A man whose greatest accomplishment to date is losing a Senate race thinks he should be president.
Robert Francis O’Rourke, who goes by the moniker "Beto," announced his expected run for the White House yesterday after months of what Vanity Fair called his “striptease,” during which he tantalized forlorn leftists everywhere with the dream of another Barack Obama.
Indeed, Beto backers began comparing him to the former president right after O’Rourke lost his race to incumbent Republican Ted Cruz.
“I want to be in it,” he told Vanity Fair. “Man, I’m just born to be in it.”
Loss Was a Victory
Losing a race to Cruz apparently gave him and others the idea that he was destined for greater things.
As the New York Times explained, the former congressman’s “near-miss Senate run last year propelled him to Democratic stardom,” and “he’s betting that voters will prize his message of national unity and generational change in a 2020 primary teeming with committed progressives.”
Question is, how good a bet is that, given that he “comes to the 2020 race with few notable legislative accomplishments after three terms in the House representing El Paso,” the Times observed. “And in a primary so far defined by big-ticket policy ideas, like the economic agendas of Senators Bernie Sanders and Elizabeth Warren, Mr. O’Rourke enters without a signature proposal that might serve as the ideological anchor of his bid.”
True enough, but he does have a lock on putatively inspiring politispeak. His video announcement offered little more than platitudes and vague — very vague — nostrums likely based upon the Green New Deal, the totalitarian plan that would destroy the country via requirements for unreliable and very costly energy sources and high-speed trains, which was hatched by the radical Left and its puppets in Congress, including the eloquent genius who has mastered using the word “like,” Alexandria Ocasio-Cortez.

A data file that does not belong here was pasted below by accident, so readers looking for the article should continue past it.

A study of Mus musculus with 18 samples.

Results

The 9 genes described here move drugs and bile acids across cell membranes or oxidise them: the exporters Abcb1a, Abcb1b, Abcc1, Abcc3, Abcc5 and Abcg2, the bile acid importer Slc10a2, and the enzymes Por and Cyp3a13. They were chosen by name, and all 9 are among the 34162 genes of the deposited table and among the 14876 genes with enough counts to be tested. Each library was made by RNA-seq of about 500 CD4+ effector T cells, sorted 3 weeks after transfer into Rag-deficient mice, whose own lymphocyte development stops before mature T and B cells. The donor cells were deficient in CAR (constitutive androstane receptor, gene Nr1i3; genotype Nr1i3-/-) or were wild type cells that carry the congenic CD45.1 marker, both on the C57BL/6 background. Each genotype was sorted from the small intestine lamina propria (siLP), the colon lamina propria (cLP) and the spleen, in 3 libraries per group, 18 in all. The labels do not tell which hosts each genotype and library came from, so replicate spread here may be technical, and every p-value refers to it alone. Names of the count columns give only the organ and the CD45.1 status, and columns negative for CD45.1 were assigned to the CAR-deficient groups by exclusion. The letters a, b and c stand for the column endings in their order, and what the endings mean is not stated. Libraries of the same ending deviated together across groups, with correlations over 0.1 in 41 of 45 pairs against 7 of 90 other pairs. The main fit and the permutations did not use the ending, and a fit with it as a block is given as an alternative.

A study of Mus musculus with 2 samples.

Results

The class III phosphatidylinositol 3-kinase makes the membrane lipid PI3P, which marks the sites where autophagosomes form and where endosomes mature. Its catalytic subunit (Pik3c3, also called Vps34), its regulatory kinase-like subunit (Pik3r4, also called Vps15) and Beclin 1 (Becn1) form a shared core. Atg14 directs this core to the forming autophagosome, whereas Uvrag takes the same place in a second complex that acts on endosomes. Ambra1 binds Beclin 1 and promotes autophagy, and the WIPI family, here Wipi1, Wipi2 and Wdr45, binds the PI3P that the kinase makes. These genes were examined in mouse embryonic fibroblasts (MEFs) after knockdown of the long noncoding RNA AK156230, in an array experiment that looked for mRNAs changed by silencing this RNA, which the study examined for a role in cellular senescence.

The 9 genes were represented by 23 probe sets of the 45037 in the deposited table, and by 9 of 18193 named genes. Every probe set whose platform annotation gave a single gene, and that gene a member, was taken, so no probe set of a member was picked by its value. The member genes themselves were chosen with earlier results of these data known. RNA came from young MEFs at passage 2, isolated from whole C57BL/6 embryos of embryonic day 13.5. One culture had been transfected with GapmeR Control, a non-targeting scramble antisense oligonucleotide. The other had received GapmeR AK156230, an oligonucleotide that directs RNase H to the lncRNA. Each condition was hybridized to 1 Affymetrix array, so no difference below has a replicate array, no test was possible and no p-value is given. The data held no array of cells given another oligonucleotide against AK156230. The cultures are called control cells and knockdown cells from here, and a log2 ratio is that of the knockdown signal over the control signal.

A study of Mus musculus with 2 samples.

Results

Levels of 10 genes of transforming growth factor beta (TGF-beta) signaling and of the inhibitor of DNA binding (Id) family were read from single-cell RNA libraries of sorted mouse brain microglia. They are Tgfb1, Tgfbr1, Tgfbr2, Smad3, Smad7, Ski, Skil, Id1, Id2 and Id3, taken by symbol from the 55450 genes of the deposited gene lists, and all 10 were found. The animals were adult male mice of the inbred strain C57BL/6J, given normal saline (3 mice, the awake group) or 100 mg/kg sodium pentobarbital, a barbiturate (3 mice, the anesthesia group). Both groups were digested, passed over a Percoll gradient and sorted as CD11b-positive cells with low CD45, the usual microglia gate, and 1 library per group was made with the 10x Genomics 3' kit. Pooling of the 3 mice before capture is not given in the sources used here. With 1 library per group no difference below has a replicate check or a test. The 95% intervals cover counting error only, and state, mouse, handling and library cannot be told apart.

O’Rourke supports the collectivist plan, but left that point out of his talk.
The coming election is a “defining moment of truth for this country and for every single one of us,” he said to begin his announcement, continuing using all the right buzz-words to establish progressive street cred. We Americans face an “interconnected crises in our economy our democracy and our climate” that will “either consume us or afford us the greatest opportunity to unleash the genius of the United States of America.”
Some thought the “genius” of the United States had been unleashed at least by 1789, but at any rate this “moment of peril,” he said, “produces perhaps the greatest moment of promise for this country and for everyone inside of it.”
Then came the inevitable. The System, he suggested, is broken, and so “we can begin by fixing our democracy, and ensuring that our government works for everyone, and not just for corporations.”
Of course, “every single American” will get healthcare, and in keeping with the call for open borders, “all of us ... can acknowledge that if immigration is a problem, it’s the best possible problem for this country to have. And we should ensure that they’re all lawful paths to work to be with family and to flee persecution.”
Actually, all of us can’t and won’t acknowledge such an absurdity, but at any rate O’Rourke said we must “confront hard truths of slavery and segregation and suppression in these United States of America,” as if that has not been done. That might well show what happens when either a candidate or his speechwriters don’t know history.
Then he rang the alarm bell about climate change: “And perhaps most importantly of all, because our very existence depends on it, we can unleash the Ingenuity and creativity of millions of Americans, who want to ensure that we squarely confront the challenge of climate change before it’s too late.”
Mr. Trump, Tear Down This Wall
Among the Obama-like candidate’s prescriptions are again, the Green New Deal, as well as tearing down the flimsy border barrier between the United States and Mexico and completely opening the borders.
How he would handle the millions of unemployed, illiterate, diseased, and criminal Mexicans and Latin Americans who would flood the country he did not say. Perhaps he will “unleash the genius of the United States of America.”
Whatever the case, Beto is running, man, because he was just born to be in it.